Will I benefit as a landlord from renting to pet owners?
According to the most up-to-date statistics, around 70% of renters actually own a pet. You will set yourself at a massive financial disadvantage by excluding this group. But is it possible that you might actually benefit from renting to pet owners? The short answer is, yes you might well do so. There are certain financial advantages to including pet owners in your coveted group of law-abiding tenants.
The biggest financial advantage is that you can actually charge your pet-owning tenants a much higher rent. Most pet owners are aware that very often this is the case, so you will not come up against many obstacles, and are normally more than willing to pay more to find the right pet friendly property. There are not many rental properties who are willing to include pets, and as a landlord you can push your price up to reflect demand. Pet owners tend to have a better income than none pet owners, although it´s not clear why this is the case, and they will not necessarily balk at the price you are asking them to pay.
Normally pet-loving tenants are in it for the long-term as there are fewer properties willing to accept pets. Once they have found that elusive property they might well be willing to stay there for a year or more, and that means more stability for you and less turnover. No turnover equates to fewer months without tenants when you are not getting paid anything, and even spending money, refurbishing it for the next lot of tenants.
You will ensure that your property is rented out more often than not, as by including pet owners means that you have subsequently widened your pool of potential applicants. More applicants mean more choice and obviously more money.
Although not a direct financial gain, pet owners are generally far more responsible than those without animals, as they have taken on a big responsibility. Having a pet, for example, teaches children about responsibility, compassion and trust. It goes without saying then that normally they will look after your property and not let it get exposed to wreck and ruin, and having tenants that look after your place means less expense for you; fewer things to repair or replace.
Finally, people who own pets tend to be happier than those without as they see their animals as a member of the family. What does this mean for you? Happy and relaxed people are generally far easier to deal with than those who are angry or aggressive, for example. Plus, if they are content where they are, they might well be more willing to extend the lease on their agreement and your long-term, financial gains will be met.
As always we have to take the rough with the smooth, and although there are a lot of financial incentives to say “yes” to pets, there are also certain disadvantages that have to be mentioned.
Pets are more likely to damage the property, and thus your property is more at risk of being damaged with live-in pets, than without. The destruction of carpets, or wooden floors, or even the chewing of doors and scratching of walls, are all things that could potentially happen, even with domesticated animals. It is safe to say that the normal wear and tear you would expect to find after a family of tenants has moved out, will triple or even quadruple, if there are animals involved.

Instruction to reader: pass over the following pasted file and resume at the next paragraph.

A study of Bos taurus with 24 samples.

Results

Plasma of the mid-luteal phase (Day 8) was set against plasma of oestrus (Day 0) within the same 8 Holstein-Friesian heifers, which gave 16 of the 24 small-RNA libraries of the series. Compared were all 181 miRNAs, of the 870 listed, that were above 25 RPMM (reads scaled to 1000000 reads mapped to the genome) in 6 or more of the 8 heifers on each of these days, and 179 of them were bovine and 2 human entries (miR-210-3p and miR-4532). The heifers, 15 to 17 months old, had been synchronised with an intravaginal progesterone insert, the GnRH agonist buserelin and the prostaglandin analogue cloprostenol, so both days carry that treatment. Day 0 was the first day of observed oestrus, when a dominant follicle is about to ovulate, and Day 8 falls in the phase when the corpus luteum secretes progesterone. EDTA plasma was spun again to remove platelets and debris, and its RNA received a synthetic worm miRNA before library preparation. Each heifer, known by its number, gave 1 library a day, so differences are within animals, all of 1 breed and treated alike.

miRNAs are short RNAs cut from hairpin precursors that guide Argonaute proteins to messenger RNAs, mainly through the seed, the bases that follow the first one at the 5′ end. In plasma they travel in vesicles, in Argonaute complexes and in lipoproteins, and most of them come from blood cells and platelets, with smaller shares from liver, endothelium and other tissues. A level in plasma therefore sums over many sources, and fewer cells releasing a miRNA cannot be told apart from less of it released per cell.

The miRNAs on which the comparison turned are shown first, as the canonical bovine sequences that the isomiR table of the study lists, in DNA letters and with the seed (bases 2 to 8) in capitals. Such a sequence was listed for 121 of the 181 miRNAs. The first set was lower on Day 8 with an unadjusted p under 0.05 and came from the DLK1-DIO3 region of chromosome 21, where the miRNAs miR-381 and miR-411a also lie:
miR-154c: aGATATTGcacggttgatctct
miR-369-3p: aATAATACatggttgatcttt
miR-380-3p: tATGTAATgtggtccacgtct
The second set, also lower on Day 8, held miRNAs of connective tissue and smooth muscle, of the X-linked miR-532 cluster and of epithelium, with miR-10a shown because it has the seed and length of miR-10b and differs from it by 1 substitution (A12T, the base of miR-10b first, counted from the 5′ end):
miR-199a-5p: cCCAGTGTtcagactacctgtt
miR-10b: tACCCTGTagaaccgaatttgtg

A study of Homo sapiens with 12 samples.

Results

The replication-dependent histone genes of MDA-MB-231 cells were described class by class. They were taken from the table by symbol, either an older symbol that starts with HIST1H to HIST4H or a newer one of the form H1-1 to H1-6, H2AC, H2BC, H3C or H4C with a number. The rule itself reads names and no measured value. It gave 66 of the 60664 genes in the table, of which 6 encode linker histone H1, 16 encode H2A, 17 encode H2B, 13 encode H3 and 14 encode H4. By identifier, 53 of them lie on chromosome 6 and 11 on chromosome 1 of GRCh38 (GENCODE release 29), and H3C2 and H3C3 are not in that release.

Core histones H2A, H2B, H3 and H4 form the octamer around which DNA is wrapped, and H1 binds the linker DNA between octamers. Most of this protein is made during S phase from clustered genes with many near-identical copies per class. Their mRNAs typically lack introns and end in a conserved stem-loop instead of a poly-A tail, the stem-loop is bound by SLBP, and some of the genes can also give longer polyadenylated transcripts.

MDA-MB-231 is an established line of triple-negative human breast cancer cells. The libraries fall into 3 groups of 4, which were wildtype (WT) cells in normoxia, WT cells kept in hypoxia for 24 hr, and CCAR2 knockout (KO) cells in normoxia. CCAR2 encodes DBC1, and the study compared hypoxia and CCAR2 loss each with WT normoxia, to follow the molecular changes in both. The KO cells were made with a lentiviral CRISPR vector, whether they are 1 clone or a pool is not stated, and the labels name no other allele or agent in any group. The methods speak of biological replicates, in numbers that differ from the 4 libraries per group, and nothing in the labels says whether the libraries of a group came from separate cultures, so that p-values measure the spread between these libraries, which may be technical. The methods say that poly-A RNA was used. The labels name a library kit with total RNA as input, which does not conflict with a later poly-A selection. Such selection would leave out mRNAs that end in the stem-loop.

Following on from the above paragraph is the fact that no matter how well-behaved the animal, tenants who have pets are more likely to disturb their neighbours; whether this be an accidental bite, or destruction of property, no animal is 100% predictable and even the nicest of breeds can suddenly turn with no warning whatsoever.
Pet odours can be impossible to get rid of and may linger a long time after your tenants and their furry friends have gone, leaving you with a lot of work on your hands to make your property hospitable and odour free for the next lot of tenants. The same goes for allergens which could stick to the carpets and cause problems with any future tenants who have a pet allergy. Any issue like this might well cause them to terminate their contract, or never choose your rental in the first place, thus causing you to take a huge financial hit.
If, on the other hand, you believe that you will financially benefit renting to pet owners, at least make sure you screen your potential pets, in the same way you would tenants. A potential checklist might include questions such as, “can your vet provide a certificate demonstrating the animal’s current health and vaccination status?” or even, “does your animal have any underlying behavioural problems?” It is also worth mentioning that as a landlord you have the right to refuse certain breeds of animals, even if your property is pet friendly.
Choosing to rent your property to pet owners is a personal decision but there are definite financial benefits which you can take advantage of, as with everything, if you do the proper research and screen every potential applicant, animals included. But you must know that, according to the Fair housing Act, it´s illegal to discriminate against renting to people who cannot live without a service animal. Pet owners make up a large proportion of your potential tenants, and you will be doing yourself a disservice by excluding them. There are ways to reduce the risk when letting pet owners into your property, for example, including a pet clause in the lease agreement which would basically detail your expectations of the tenant. To be a successful, profitable landlord you must make sure all these types of bases are covered. If you are thorough there is no reason why you can´t reap certain financial benefits as a landlord who accepts pets.